Richmond Ltd. was founded 20 years ago by its president, Daniella Richmond. The company originally began as a mail-order company but has grown rapidly in recent years, in large part due to its website. Because of the wide geographical dispersion of the company’s customers, it currently employs a lockbox system with collection centres in Toronto, Calgary, Montreal, and Vancouver.
Steve Dennis, the company’s treasurer, has been examining the current cash collection policies. On average, each lockbox centre handles $185,000 in payments each day. The company’s current policy is to invest these payments in short-term market-able securities daily at the collection centre banks. Every two weeks, the investment accounts are swept, and the proceeds are wire-transferred to Richmond’s headquarters in Winnipeg to meet the company’s payroll. The investment accounts each pay 0.068 percent per day, and the wire transfers cost 0.20 percent of the amount transferred.
Steve has been approached by Manitoba National Bank, located just outside Winnipeg, about the possibility of setting up a concentration banking system for Richmond Ltd. Manitoba National will accept the lockbox centre’s daily payments via automated clearinghouse (ACH) transfers in lieu of wire transfers. The ACH-transferred funds will not be available for use for one day. Once cleared, the funds will be deposited in a short term account, which will yield 0.075 percent per day. Each ACH transfer will cost $200. Daniella has asked Steve to determine which cash management system will be the best for the company. Steve has asked you, his assistant, to answer the following questions.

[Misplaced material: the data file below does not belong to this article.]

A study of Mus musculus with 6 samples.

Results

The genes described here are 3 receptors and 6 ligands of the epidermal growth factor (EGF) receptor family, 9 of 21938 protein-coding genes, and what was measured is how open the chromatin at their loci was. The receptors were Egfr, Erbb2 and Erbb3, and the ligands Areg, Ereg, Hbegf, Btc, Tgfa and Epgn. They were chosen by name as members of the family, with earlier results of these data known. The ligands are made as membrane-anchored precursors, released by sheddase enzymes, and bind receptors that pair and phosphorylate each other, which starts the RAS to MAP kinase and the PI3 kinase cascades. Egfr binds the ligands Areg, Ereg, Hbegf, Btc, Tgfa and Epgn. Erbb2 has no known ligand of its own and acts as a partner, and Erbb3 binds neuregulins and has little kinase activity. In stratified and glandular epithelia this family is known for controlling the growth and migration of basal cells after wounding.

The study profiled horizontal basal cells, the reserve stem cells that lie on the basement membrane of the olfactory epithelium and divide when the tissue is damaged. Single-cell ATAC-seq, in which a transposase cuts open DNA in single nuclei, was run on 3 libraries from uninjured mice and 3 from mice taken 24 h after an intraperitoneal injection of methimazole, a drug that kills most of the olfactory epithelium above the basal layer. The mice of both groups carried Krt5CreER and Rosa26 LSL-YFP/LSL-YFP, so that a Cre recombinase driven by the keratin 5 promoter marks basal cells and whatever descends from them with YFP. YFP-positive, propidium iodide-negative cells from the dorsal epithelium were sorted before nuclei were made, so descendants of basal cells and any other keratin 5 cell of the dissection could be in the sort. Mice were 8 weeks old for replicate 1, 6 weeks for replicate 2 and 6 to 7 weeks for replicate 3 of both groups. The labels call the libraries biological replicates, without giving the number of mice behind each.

1. What is Richmond Ltd.’s total net cash flow from the current lockbox system that is available to meet payroll?
2. Under the terms outlined by Manitoba National Bank, should the company proceed with the concentration banking system?
3. What cost of ACH transfers would make the company indifferent between the two systems?